That the case with all the hosts I use. I pretty much figure if a hosting company can't manage their own nameservers....you get the picture.
Marcia's silly answer: I can go take space at billyjoebob's el cheapo hosting, all I have to do is give the host's NS1 and NS2 at my registrar. If it's a unique IP I can upload and see pages right away with the IP number, the host takes care of setting it all up.
If it's super-el-cheapo (like $1.75 a month) name-based hosting, they'll still take care of it but I won't be able to see what I upload until the domain resolves. With package deal super el-cheapo reseller hosting, I can set up new domains myself, just point to the host's NS1 and NS2 at the registrar. Last new domain I took was resolved and ready to roll in about 12 hours.
With some of them I haven't used yet you can also automatically set up third-level domains without restriction. Some say you have DNS capability, I haven't used that yet either.
Just make sure that whatever host you go with will give you the tools needed to keep the riff-raff out - like .htaccess and mod_rewrite on Apache, access to raw logs if you need them, etc.
|but I won't be able to see what I upload until the domain resolves |
You can often get past this problem by adding an entry to your local computer's hosts file. This creates a "local DNS" for you computer to use until your domain registration propagates thru the DNS servers on the Web.
On Win9x, the file is usually c:\windows\hosts
See the sample file "hosts.sam" in the same directory for example entries.
(This is the same file that's used to implement the toolbar trick [webmasterworld.com] to stabilize toolbar PR during Google updates.)
Also, some name registration services offer dns as part of the package. Even cheepo ones.
All my sites are run on inexpensive (versus "cheap") virtual hosting, and all include DNS. I don't think I've ever seen a respectable (i.e. not one of the "$1 unlimited lifetime hosting" deals) hosting plan that didn't include DNS.
That said, if you get a dedicated IP address for your website, you -may- be better off using your registrar's DNS servers, and not the hosting company's. I use a large, popular, and low-cost registrar that has five nameservers across the U.S. A lot of low-cost hosting places have only two nameservers, which are usually not only in the same building, but are all too frequently the same machine. Not good, and best avoided, IMO.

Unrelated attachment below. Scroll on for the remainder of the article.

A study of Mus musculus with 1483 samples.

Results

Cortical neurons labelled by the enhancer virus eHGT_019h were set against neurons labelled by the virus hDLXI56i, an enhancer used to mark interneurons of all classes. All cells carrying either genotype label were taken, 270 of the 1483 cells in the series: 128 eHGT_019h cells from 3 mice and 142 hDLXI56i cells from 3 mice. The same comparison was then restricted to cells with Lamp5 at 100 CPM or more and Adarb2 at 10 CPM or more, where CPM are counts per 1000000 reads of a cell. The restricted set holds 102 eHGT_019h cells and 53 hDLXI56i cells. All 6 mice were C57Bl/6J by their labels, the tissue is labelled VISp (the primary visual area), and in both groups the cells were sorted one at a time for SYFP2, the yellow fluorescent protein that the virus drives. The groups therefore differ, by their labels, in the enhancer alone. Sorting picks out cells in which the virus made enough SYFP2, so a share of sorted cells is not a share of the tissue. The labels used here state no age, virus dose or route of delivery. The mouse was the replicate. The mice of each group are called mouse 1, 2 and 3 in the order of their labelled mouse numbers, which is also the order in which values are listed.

There are a number of free or very low-cost companies that will provide you with DNS service, if you need it, but I'd only rely on most of them as tertiary or quaternary nameservers... Too bad (AFAIK) they don't support name-based virtual hosting, only IP.
>Hank's usually take care of the DNS
Yes. I can't remember a shared hosting environ that didn't handle the dns.
Thanks for the education guys. I am amazed at how inexpensive hosting can be these days.
|which are usually not only in the same building, but are all too frequently the same machine. |
Are people really that dumb? Even doing my own hosting in my study over a DSL line I can (and do) do better than that! Two in my study (IN, US), a third provided by my registrar (someplace in France), and soon adding a fourth in Maine to serve as a backup DNS and mail relay.
>>which are usually not only in the same building, but are >>all too frequently the same machine.
>Are people really that dumb?
Yep. A hosting company I spotted last autumn selling "unlimited" hosting on a major online auction site has two nameservers, ns1.widget-host.cc and ns2.widget-host.cc... and they both resolve to the same numeric IP, which is, in fact, the same numeric IP of the hosting company itself, which identifies itself via rDNS as "host12.blue-widget-offshore-hosting.com. If that was confusing, it's like this: The same machine you get virtual hosting on (and prepay for a year) is your primary nameserver and your secondary nameserver, too. Lotta eggs in one basket, if you ask me. Like I needed one more reason to avoid supposedly "unlimited" hosting...
OK: stupid related question, which I think I know the answer to, but maybe I don't - I've been moved to a new inexpensive shared host environment, as my "newest" provider has merged with another... and now there's only 1 IP for all 3 domain names that I have...
*What kind of trouble I'm going to get in*... if any...with search engines, etc.?
DomainOne.com has an IP of 220.127.116.11 (I'm making up the IP, I don't know where that one goes.)
but my other domains on the same account, but in different directories - Secondsite.com and OtherSite.com - share the same IP address according to a Tracert I just did on it.
The provider calls it an "add-on" domain:
If my primary account looks like this:
the other, add-on domain looks like this:
www.Secondsite.com which physically resides at:
which resides at:
Again, all 3 appear as different, unrelated sites...but all share the same IP...
HECK - when I type in the IP address itself I get a "Welcome to Apache" page...
Thanks for clearing the air,
Littleman, wasn't sure from your original post if you are looking to host one site or several.
'Multiple domain hosting' is what Undead Hunter mentions above. I have a fixed IP as my 'main' domain and a series of other domains I use for clients that reside at IP/~username. Once the DNS resolves to this address the search engines don't mind at all.
It's pretty common to be set-up this way these days. I started looking at cheap hosting deals and realised the higher up the ladder you went (i.e. to a bigger reseller buyer/wholesaler/whatever) the better the deals were. Now I get an allocation of server space and bandwidth and can sell this to clients how I like. The profit margin is good too :).
My host also allocates personalised nameservers if required which adds a professional touch if you are offering hosting to clients IMHO ;).